NYC Official On Blizzard Response: We Messed Up
Mayor Michael Bloomberg's administration said Monday that its decision not to call a snow emergency during the post-Christmas blizzard might not have been the right call, and that the poor cleanup was exacerbated by a lack of ways to communicate with plow drivers on the streets.

The City Council held a hearing to examine the city's cleanup efforts for the Dec. 26 storm, which dumped more than 2 feet of snow in parts of the city.

Streets went unplowed, ambulances became stuck while responding to emergencies, and trash has piled up ever since.


Goldsmith outlined weaknesses that the city has identified for improvement. One was the decision not to call a snow emergency, which keeps private vehicles without snow tires or chains off designated snow routes and bans parking along those routes. The city last declared a snow emergency in 2005.

The city did not declare an emergency during the storm, Goldsmith said, because of the belief that it would cause more traffic problems at the end of the holiday weekend.

But the administration now believes an emergency declaration might have kept more drivers off the road and triggered a more urgent response among city agencies and other authorities that use the declarations for guidance.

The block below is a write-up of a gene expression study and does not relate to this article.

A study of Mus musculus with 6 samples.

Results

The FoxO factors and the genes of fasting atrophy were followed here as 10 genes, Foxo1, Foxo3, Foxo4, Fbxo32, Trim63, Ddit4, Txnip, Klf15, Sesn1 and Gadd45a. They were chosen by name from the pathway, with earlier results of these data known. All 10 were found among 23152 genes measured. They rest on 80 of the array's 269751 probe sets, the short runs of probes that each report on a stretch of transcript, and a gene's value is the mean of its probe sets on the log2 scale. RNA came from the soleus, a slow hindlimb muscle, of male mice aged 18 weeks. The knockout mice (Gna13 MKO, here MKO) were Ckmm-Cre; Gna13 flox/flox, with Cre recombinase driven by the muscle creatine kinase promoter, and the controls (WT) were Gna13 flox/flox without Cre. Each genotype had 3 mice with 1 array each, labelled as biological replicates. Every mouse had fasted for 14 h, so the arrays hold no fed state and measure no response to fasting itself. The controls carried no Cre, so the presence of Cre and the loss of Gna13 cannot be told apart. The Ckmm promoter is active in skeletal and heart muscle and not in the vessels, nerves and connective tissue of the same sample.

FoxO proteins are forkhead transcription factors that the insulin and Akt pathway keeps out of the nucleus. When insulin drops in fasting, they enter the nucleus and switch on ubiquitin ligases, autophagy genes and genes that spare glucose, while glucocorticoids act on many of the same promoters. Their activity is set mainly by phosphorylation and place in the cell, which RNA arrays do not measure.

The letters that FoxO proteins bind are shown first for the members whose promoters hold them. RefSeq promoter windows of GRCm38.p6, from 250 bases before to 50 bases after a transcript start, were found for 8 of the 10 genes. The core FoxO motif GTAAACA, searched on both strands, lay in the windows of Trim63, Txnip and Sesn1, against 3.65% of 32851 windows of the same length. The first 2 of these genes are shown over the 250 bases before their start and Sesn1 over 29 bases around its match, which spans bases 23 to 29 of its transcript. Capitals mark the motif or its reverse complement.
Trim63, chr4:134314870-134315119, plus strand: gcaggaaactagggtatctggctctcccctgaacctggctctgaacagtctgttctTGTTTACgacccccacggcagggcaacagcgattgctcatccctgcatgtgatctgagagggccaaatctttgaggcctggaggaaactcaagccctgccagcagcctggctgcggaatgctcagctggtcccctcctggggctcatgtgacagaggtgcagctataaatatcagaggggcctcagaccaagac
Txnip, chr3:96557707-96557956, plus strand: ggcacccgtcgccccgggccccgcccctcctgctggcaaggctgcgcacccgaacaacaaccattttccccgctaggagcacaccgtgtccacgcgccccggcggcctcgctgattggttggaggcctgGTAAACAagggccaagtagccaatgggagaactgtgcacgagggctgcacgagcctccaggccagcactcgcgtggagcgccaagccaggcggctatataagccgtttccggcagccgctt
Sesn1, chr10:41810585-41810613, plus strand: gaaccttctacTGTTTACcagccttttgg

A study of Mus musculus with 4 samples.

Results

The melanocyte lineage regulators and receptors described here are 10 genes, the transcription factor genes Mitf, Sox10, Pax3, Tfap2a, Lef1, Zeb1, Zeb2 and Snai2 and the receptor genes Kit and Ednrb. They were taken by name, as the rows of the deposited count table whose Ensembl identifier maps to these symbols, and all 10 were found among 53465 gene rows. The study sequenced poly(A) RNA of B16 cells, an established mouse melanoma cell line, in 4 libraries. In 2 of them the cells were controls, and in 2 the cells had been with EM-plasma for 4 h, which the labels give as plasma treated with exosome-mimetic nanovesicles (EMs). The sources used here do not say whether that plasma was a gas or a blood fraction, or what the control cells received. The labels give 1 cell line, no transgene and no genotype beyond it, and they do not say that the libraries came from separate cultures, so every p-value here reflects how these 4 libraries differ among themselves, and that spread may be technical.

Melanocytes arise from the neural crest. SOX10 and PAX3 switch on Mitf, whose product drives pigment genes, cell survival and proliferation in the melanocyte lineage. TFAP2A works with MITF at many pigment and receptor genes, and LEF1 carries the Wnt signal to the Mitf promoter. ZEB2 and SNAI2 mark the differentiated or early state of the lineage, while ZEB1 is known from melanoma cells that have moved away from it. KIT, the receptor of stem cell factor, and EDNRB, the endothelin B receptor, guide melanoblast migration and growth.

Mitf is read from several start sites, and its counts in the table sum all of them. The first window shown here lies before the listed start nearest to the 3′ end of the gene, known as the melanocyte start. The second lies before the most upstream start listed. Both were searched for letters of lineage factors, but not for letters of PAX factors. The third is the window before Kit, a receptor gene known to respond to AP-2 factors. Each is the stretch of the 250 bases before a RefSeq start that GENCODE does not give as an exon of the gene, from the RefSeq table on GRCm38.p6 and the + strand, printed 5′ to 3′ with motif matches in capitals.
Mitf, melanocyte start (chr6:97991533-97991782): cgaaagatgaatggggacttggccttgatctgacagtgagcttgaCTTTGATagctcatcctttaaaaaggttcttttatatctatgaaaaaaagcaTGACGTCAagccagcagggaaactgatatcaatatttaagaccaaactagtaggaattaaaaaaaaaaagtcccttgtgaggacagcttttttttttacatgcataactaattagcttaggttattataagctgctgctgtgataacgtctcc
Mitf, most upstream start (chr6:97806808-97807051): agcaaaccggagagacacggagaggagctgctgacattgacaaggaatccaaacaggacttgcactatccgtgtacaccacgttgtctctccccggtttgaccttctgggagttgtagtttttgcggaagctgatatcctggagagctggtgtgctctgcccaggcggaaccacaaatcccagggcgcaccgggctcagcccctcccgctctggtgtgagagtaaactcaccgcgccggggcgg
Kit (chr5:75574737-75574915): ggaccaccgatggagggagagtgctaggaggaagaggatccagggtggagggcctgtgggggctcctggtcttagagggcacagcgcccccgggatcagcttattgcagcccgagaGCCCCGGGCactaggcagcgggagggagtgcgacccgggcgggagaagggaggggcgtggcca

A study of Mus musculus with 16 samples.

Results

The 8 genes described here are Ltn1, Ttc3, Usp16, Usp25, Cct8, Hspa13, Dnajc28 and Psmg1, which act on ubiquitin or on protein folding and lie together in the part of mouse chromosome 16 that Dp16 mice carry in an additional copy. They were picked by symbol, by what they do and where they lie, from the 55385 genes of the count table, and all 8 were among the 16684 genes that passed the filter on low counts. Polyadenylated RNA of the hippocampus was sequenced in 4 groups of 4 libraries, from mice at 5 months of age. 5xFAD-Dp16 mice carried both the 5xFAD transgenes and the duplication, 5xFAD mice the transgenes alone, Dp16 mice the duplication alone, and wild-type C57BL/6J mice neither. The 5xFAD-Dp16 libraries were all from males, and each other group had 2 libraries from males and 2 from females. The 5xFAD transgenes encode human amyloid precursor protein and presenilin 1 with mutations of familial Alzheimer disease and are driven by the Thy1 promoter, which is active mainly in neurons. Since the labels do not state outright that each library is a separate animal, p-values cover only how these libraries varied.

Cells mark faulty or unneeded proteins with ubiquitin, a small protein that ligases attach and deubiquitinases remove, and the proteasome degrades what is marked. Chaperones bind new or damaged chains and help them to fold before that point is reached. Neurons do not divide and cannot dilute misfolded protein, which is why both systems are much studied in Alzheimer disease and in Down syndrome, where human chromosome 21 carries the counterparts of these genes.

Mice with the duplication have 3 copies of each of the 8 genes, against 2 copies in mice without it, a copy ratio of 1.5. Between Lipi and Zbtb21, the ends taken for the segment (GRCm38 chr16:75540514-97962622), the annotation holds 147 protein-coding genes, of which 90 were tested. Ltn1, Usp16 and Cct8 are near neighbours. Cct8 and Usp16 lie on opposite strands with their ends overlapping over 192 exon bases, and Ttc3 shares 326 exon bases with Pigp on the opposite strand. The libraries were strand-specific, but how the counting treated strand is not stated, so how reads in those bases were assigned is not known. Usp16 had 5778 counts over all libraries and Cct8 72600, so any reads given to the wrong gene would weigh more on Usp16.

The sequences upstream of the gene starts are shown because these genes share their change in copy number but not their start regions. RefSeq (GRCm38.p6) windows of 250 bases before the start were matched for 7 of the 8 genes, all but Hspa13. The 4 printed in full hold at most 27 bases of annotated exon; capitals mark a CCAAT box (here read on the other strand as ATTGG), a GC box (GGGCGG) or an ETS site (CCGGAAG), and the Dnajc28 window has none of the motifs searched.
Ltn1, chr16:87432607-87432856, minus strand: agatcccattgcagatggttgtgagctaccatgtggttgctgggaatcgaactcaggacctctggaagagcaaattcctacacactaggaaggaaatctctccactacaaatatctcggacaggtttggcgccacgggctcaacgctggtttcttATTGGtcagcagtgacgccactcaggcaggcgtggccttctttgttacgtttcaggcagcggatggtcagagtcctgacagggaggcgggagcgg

"Given the information available at the time, the decision not to declare an emergency was understandable," Goldsmith said. "However, based on what we know now, an emergency declaration could have yielded a more successful response."

Goldsmith also said the city lacks decent methods to communicate with plow drivers in the field. That leads to the emergency command centers not having a good understanding of which streets are plowed and which ones are blocked by obstacles.

The hearing was expected to go on all day.

City Council Speaker Christine Quinn said the storm "brought

New York City to its knees."

"We're here today to determine what went wrong," she said.

Bloomberg's commissioners outlined several improvements the city is planning or has begun. Those include creating formal protocol for considering snow emergencies and testing out a new type of snow chains for ambulances.

Fire Commissioner Salvatore Cassano said the city stopped using chains on ambulances 15 years ago, because many vehicles in the fleet were damaged repeatedly when chains broke off. More than 100 ambulances became stuck in the snow during the holiday storm, and many New Yorkers who needed urgent medical care did not get it right away.

The sanitation department is also equipping every truck with global positioning devices, which have two-way communications that plow workers can use to better report to emergency commanders the status of roads.

The city also said it is streamlining the process for deploying equipment like tow trucks, as well as improving its abilities to quickly hire private contractors for towing, plowing and hauling.

Further, officials said the city will create an online portal with winter weather information, a site where New Yorkers will be able to post photos and video, increasing the real-time information available to commanders about the cleanup.